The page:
With nearly three-quarters of its store fleet still shuttered, Adidas AG has thrown its resources behind e-commerce in an attempt to bolster its business amid the coronavirus pandemic. And, although overall profits are slumping under the weight of COVID-19, the digital-centric strategy appears to be working.

During the sportswear giant’s first-quarter earnings conference call today, CEO Kasper Rorsted said that Adidas now expects to exceed its prior revenue target of 4 billion euros (or $4.3 billion) for the fiscal year as the health crisis forces shoppers to remain indoors and subsequently drives sales online.

During the three-month period ended March 31, Adidas’ e-commerce business — which the executive chief described as “the only consistent store that’s open 24/7” — grew 35%, improving 55% in March and up triple-digits in the beginning of April. The company attributed the surge to digital pushes including higher conversion rates through its Runtastic app, which allows consumers to work out from home, as well as its #HomeTeam campaign launched in response to the COVID-19 outbreak.

As it continues to see more promise in the channel, Rorsted said that the German athletic behemoth will be “dramatically accelerating” its e-commerce efforts and move into a “more DTC-focused setup.”


According to the CEO, inventory that had been previously reserved for wholesale orders has already been reallocated to Adidas’ own online channels. This strategy is also expected to extend to major online sales events of the year, particularly Cyber Week and Singles’ Day in China, with a “smaller portion” of inventory to go to select retail partners, Rorsted added.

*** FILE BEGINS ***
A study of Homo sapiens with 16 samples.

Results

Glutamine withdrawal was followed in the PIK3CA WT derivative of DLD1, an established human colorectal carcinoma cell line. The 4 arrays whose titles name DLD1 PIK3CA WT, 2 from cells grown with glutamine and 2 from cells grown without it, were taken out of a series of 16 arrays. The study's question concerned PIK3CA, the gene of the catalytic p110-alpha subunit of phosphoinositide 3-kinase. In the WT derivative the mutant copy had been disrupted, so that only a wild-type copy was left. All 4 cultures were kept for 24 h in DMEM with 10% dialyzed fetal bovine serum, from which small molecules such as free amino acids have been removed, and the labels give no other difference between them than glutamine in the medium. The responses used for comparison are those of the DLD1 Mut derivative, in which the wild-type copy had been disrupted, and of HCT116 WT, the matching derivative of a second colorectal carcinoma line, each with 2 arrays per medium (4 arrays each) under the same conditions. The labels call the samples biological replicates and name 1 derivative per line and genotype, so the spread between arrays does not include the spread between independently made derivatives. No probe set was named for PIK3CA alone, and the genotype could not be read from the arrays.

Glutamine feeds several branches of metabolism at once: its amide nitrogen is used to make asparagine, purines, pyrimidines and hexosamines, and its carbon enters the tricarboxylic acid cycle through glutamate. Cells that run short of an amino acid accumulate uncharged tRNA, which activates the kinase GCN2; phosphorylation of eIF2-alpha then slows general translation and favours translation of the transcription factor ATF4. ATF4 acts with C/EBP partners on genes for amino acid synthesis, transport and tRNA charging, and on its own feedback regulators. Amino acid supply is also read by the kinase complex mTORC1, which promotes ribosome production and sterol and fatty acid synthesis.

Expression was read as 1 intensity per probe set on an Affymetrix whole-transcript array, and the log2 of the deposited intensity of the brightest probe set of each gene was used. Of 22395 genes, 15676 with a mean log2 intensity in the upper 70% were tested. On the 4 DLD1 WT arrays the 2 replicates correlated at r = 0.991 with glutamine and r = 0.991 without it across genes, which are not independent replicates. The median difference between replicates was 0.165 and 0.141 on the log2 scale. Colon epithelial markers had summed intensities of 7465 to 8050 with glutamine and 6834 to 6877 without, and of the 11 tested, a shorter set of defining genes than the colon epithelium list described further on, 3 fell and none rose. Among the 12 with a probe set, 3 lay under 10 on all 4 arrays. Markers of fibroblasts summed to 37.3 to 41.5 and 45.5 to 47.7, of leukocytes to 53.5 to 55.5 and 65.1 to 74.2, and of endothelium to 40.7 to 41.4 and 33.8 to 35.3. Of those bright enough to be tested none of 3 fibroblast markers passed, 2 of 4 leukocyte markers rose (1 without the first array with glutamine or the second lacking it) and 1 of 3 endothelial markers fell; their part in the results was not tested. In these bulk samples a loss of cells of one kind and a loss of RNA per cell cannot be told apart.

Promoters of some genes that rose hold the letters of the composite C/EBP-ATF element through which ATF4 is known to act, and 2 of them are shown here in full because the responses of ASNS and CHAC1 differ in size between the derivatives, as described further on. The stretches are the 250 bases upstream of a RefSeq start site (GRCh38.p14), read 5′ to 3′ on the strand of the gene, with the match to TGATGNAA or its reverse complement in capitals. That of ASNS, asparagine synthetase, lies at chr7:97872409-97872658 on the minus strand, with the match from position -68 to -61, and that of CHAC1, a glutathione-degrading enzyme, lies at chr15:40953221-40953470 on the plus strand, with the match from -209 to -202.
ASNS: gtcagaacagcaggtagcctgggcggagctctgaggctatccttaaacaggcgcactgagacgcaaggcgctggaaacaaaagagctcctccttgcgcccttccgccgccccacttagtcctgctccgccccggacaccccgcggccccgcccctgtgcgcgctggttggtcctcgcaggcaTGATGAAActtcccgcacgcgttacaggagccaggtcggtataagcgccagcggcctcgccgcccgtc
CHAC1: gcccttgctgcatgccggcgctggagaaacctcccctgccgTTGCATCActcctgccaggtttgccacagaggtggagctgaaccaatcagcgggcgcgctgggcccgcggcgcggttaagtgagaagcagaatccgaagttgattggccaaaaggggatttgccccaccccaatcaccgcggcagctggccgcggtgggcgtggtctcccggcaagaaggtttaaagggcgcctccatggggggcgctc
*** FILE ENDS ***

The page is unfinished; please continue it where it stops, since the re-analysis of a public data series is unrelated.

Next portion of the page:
Adidas’ amplified focus on digital also stems from its experience in China, where it is now beginning to see a recovery in traffic and conversion trends albeit still below normal rates. While e-commerce was impacted during February, it recovered much quicker, said the company, driven by “aggressive doubling down on digital channels,” said Rorsted — a “recovery plan” that it seeks to employ in other affected markets.

“We’re taking the proven setup from China on how to stay engaged with the consumers and restart business,” he added. “We need to serve the consumers’ needs in digital also during the lockdown — irrespective of whether a transaction will take place.”

Next quarter, however, Adidas predicted that both top- and bottom-line declines will be “more pronounced” than they were in Q1. (It expects sales to come in more than 40% lower than the prior year period.) During Q1 2020, its net income tumbled 97% to 20 million euros ($21.69 million at current exchange), with earnings of 13 pence (14 cents) per share. Revenues also decreased 19% to 4.75 billion euros ($5.15 billion).

“We’re focusing on navigating the company through this period of time, which nobody has seen before,” Rorsted explained. “And we believe [in] enabling long-term success by preparing for the new normal, dealing with the current, but making certain that we’re prepared for tomorrow — and we’re doing both in parallel.”